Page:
Conde Nast Directors Donated to Dubya, Giuliani
There's a loud roaring debate rumbling through the political and media worlds today, all thanks to a viciously offensive and satirical New Yorker magazine cover this week, showing Barack and Michelle Obama in Osama bin-Laden and Angela Davis drag, fist-bumping in the Oval Office, as Old Glory burns in the fireplace.
Controversy aside, I wanted to know who, not if, at the New Yorker had donated to Obama and how much they contributed, and searching the FEC archive I found that editors gave a collective total of $4,800 to his campaign effort.
The largest donation, $2,300, came in February from Francois Mouly, the art director for the magazine. She decides what goes on the cover. Writer and editor Roger Angell gave $500 to Obama, also during the primary race; while staff writer Joshua Hersh and theater critic John Lahr each $1,000 to him in 2007.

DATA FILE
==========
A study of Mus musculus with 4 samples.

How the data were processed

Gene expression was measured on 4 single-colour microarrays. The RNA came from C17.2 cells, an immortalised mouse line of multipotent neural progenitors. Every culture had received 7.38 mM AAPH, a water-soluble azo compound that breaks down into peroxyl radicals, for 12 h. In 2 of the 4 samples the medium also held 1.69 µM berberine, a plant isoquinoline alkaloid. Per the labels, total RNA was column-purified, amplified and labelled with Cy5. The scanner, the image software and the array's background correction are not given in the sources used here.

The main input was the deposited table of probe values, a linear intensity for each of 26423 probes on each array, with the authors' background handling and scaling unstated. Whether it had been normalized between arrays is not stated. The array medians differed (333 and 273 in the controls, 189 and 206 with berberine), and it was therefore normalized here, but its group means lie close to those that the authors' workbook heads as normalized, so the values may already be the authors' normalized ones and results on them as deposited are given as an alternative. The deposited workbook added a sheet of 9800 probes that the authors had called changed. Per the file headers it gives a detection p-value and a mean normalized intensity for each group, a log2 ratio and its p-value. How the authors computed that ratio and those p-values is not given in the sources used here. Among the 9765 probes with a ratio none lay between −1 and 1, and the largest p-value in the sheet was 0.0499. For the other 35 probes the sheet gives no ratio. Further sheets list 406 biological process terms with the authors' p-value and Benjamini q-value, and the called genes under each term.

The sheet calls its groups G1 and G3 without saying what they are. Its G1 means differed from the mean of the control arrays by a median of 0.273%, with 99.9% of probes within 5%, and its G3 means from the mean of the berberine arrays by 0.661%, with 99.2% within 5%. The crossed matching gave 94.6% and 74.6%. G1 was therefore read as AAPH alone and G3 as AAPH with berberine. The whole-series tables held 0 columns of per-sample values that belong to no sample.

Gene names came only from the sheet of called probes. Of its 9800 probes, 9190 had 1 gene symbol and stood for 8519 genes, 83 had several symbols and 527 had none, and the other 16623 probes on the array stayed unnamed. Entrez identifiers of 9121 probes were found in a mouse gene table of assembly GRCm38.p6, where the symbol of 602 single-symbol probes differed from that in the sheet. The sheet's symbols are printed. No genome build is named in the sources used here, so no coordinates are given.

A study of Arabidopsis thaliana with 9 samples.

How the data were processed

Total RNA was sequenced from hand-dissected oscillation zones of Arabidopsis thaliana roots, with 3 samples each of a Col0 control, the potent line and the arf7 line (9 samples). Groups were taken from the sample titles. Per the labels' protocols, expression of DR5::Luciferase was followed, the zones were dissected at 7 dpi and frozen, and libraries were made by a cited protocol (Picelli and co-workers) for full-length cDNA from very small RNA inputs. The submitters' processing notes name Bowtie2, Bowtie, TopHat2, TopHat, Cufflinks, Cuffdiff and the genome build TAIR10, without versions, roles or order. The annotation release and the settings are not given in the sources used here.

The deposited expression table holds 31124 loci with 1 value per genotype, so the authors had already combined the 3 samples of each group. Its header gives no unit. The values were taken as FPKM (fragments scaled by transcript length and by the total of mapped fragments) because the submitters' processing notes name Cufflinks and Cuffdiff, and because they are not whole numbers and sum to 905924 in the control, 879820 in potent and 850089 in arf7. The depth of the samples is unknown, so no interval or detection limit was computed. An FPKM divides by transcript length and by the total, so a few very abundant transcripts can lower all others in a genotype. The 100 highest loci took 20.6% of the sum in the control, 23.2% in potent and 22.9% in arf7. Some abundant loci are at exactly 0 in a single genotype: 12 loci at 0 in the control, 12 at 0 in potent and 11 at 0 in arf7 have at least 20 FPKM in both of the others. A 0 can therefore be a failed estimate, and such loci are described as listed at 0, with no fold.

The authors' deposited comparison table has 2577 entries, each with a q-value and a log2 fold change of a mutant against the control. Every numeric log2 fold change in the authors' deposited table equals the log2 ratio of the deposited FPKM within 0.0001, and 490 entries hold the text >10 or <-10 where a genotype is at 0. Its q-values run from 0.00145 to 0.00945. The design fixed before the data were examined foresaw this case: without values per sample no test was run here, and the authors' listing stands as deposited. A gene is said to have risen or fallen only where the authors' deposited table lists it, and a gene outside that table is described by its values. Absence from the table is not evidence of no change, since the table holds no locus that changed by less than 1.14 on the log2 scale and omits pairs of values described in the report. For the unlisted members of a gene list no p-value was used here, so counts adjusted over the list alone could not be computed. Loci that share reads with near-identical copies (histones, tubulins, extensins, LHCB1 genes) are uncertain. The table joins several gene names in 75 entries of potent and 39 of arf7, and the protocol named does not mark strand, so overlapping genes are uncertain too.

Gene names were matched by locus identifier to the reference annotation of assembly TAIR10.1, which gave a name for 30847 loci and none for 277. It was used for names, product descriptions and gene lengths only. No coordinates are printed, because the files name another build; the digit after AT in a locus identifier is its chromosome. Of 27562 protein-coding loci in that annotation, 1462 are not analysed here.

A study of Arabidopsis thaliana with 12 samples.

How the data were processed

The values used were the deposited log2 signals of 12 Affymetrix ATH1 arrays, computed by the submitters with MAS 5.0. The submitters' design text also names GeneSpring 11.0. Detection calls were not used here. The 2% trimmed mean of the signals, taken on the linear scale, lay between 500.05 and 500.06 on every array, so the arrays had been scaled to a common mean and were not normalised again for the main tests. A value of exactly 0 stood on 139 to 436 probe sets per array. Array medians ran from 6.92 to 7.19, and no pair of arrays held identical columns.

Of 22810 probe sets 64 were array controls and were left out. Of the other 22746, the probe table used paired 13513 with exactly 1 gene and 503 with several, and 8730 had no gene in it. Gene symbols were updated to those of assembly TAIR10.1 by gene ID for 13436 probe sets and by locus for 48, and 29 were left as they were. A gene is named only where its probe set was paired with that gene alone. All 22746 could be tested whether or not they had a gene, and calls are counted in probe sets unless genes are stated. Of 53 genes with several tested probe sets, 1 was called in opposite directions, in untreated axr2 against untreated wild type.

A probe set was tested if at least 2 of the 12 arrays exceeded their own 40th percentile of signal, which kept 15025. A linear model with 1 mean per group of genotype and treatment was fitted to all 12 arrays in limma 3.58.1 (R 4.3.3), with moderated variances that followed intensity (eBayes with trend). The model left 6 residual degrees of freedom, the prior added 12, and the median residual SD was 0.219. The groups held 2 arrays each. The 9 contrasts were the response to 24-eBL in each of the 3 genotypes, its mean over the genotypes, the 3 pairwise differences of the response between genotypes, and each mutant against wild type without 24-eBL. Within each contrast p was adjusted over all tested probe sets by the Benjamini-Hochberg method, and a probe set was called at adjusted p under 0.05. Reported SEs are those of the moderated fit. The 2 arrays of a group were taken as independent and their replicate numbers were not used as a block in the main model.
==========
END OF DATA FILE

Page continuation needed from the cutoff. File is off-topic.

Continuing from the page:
Small potatoes really, but Obama's campaign might consider returning those donations, if only to send one more note of unhappiness to the magazine and the illustration gracing its cover today.
I also searched FEC records for donations from several top officers at Conde Nast, the corporate media giant that owns the New Yorker, and found some interesting nuggets of news.
The current CEO, Charles H. Townsend contributed $500 to Gov. George W. Bush in 1999 for his first White House run, and Richard D. Beckman, in charge of Conde Nast's media group division, forked over $2,300 during 2007 to Rudy Giuliani's presidential committee.
Isn't it great that we live in a country that allows for annoying political cartooning, and where media-owner moguls and journalists at leading political publications can freely write checks to presidential candidates, and no blood is shed from either the drawings? America, you're beautiful.
And now, I've got to run out and buy a copy of the latest New Yorker and read the damn thing.